To Double Envelopes!
In a previous blog, we discussed the historical roots of the veil, the wedding cake and the bridal bouquet, along with wedding toasting flutes. But what about Wedding Invitations? How did people get invited to someone’s wedding before the 20th and 21st centuries? Were they even used? The short answer is ‘yes’, in one form or another. Besides wedding invitations, contemporary society has expanded the sending of invitations to wedding related functions, including rehearsal dinner invitations, bridal shower invitations, and for some couples, even engagement party invitations. But first, how did the sending of wedding invitations get started? How did the enclosed tissue paper and double envelopes start?
The History of the Wedding Invitation
Remarkably, archeologists discovered primitive wedding invitations in caves, probably by pictographs or by using early language. As recently as the 1700’s, however, friends and family members were typically invited to celebrate a couple’s nuptials by verbal invitation from a town crier. Whoever heard his loud proclamation could attend. Why verbal? Quite simply, many people couldn’t read, although wealthy, well-educated and literate families would commission monks known for their calligraphy skills to craft wedding invitations. To this day, calligraphy has remained a popular hand-written or printed conveyance of the wedding invitation, still signifying class and culture.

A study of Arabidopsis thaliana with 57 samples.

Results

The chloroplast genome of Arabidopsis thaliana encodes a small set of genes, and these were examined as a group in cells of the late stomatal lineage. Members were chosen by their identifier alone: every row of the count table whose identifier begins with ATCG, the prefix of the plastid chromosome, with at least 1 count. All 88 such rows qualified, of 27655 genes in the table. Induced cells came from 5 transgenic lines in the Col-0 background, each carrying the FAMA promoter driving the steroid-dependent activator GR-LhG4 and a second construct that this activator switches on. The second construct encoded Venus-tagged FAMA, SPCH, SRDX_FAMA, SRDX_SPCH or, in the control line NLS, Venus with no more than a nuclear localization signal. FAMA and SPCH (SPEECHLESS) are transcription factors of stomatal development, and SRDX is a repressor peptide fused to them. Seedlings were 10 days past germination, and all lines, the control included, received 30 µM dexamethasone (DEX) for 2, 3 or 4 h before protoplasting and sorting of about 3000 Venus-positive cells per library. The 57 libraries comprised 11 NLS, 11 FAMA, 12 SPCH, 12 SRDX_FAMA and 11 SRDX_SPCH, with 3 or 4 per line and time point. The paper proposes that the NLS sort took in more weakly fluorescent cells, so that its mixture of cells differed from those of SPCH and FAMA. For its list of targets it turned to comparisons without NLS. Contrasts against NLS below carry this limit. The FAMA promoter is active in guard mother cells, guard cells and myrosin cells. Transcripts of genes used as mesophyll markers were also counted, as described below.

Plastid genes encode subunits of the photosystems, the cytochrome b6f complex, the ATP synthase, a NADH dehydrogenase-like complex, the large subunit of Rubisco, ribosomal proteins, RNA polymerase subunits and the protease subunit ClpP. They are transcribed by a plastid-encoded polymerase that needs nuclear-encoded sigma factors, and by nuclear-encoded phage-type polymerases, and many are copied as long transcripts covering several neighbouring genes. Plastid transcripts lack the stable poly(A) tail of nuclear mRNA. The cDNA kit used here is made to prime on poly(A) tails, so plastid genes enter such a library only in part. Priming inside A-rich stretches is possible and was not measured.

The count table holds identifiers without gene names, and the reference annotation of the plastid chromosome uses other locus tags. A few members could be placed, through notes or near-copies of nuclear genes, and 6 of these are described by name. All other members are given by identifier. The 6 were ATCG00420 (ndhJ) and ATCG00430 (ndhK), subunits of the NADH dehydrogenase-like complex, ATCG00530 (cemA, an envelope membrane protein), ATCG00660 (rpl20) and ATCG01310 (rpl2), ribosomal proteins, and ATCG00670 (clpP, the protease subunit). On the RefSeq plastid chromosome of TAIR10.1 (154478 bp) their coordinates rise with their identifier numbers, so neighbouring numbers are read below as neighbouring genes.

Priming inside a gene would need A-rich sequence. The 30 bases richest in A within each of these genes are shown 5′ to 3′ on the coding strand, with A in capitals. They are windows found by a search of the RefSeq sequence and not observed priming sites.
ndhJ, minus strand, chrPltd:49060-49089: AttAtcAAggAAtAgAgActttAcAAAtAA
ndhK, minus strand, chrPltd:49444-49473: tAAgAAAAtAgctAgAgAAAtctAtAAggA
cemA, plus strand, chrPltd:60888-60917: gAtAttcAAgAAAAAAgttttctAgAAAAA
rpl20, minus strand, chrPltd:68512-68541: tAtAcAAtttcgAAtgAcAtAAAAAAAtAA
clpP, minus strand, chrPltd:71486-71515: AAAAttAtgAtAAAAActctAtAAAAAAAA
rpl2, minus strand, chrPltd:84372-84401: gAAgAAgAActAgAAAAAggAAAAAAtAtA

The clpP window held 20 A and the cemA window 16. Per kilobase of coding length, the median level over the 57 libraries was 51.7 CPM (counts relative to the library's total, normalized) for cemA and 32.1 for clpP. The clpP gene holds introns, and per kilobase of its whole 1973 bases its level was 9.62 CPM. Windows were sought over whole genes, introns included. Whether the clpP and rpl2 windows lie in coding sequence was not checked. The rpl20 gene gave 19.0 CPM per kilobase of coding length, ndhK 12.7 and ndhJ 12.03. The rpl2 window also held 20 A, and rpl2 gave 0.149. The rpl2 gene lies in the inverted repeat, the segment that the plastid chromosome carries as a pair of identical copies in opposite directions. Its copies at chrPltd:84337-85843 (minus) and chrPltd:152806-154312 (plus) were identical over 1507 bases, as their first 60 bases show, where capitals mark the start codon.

The Origin of the Tissue Paper
For families who were literate but could not afford to commission a calligrapher, metal plate engraving became available sometime in the 1600’s. Since these early ‘printing presses’ left ink subject to easy smudging and smearing, a form of tissue paper was put on top to prevent any smearing. Again, this tradition continues even though its usefulness has long passed as smudge prevention. Instead, tissue paper represents delicacy and class in contemporary wedding invitations.
And the Envelope Please
Long before mail service became reliable mail was delivered by stagecoach or on horseback by a hired courier or family servant. Since envelopes and paper did not always arrive in the cleanest of conditions from a long, dusty ride, a second envelope was developed to protect the invitation inside with the actual announcement. Upon reaching the destination, the courier or servant would remove the wedding invitation from the often dirty outer envelope and hand the invitation cleanly preserved in its inner envelope to the head of the house. Even in our current culture, most wedding invitations still typically have the two envelope design.